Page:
The World Health Organisation (WHO) has claimed that some 1.1 billion young adults and teenagers worldwide are currently running the risk of hearing loss.
According to a new WHO report, nearly 50% of people aged 12-35 years in middle-to-high-income countries are being exposed to potentially damaging sound levels from the use of personal audio devices, and around 40% are unknowingly harming their hearing thanks to unsafe levels at entertainment venues.
“As they go about their daily lives doing what they enjoy, more and more young people are placing themselves at risk of hearing loss,” noted Dr. Etienne Krug, WHO director for the department for management of noncommunicable diseases, disability, violence and injury prevention. “They should be aware that once you lose your hearing, it won’t come back. Taking simple preventive actions will allow people to continue to enjoy themselves without putting their hearing at risk.”
WHO states that 100dB, a normal volume in many entertainment venues, is only safe for 15 minutes, and recommends that the highest level of safe noise exposure in the workplace is 85 dB up to a maximum of eight hours per day. Keeping the volume down on personal audio devices, wearing earplugs in noisy venues, using carefully fitted, noise-cancelling earphones/headphones or simply limiting the time spent engaged in noisy activities are all ways to reduce risk, the Organisation says.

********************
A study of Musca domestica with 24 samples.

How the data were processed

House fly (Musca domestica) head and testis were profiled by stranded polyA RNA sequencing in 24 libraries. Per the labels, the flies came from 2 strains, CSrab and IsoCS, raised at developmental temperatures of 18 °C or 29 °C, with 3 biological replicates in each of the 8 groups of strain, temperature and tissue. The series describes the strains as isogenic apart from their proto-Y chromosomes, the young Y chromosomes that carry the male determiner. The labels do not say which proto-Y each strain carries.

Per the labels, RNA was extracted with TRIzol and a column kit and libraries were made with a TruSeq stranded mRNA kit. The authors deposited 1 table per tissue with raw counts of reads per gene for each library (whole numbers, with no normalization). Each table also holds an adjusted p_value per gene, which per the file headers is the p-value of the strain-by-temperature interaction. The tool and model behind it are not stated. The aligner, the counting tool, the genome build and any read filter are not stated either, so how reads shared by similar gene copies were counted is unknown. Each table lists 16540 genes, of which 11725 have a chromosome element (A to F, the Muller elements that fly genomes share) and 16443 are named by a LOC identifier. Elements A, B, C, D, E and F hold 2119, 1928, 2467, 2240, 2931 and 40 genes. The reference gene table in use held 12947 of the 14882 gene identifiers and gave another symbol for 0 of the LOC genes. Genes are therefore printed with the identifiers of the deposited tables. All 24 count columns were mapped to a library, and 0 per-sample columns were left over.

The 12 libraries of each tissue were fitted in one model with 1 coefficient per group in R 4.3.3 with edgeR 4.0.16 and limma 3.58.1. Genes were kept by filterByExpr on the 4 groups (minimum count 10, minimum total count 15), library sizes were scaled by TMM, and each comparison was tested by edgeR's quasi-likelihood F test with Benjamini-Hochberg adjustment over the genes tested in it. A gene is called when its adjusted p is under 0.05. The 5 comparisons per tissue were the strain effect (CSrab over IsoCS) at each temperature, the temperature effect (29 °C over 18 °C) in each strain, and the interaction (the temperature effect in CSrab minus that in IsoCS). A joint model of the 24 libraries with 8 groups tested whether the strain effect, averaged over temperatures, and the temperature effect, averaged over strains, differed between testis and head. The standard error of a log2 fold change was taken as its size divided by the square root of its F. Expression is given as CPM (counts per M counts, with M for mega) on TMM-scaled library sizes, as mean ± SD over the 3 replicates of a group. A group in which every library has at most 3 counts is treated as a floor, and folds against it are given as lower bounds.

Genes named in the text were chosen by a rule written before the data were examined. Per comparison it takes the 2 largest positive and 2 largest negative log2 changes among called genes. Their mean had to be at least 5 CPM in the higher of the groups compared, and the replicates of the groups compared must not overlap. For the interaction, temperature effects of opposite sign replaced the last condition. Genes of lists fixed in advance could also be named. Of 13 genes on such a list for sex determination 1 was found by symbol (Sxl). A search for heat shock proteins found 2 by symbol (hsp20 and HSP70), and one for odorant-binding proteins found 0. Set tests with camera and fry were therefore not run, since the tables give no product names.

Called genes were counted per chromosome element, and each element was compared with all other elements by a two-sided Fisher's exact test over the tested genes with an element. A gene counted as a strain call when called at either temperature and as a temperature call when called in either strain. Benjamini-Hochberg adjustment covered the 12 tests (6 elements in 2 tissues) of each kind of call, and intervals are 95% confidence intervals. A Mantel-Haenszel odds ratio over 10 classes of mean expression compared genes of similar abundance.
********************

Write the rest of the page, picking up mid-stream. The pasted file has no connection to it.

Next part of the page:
Governments also have a role to play, WHO asserts, by developing and enforcing strict legislation on recreational noise, and by raising awareness of the risks of hearing loss through public information campaigns. while managers of entertainment venues can respect the safe noise levels set by their respective venues, use sound limiters, and offer earplugs to patrons.
Every year, 3 March is International Ear Care Day, and this year WHO is launching the “Make Listening Safe” initiative to draw attention to the dangers of unsafe listening and promote safer practices.
For more advice on hearing health, check out Sensaphonics founder and president Michael Santucci's opinion piece from the January issue of Audio Media International.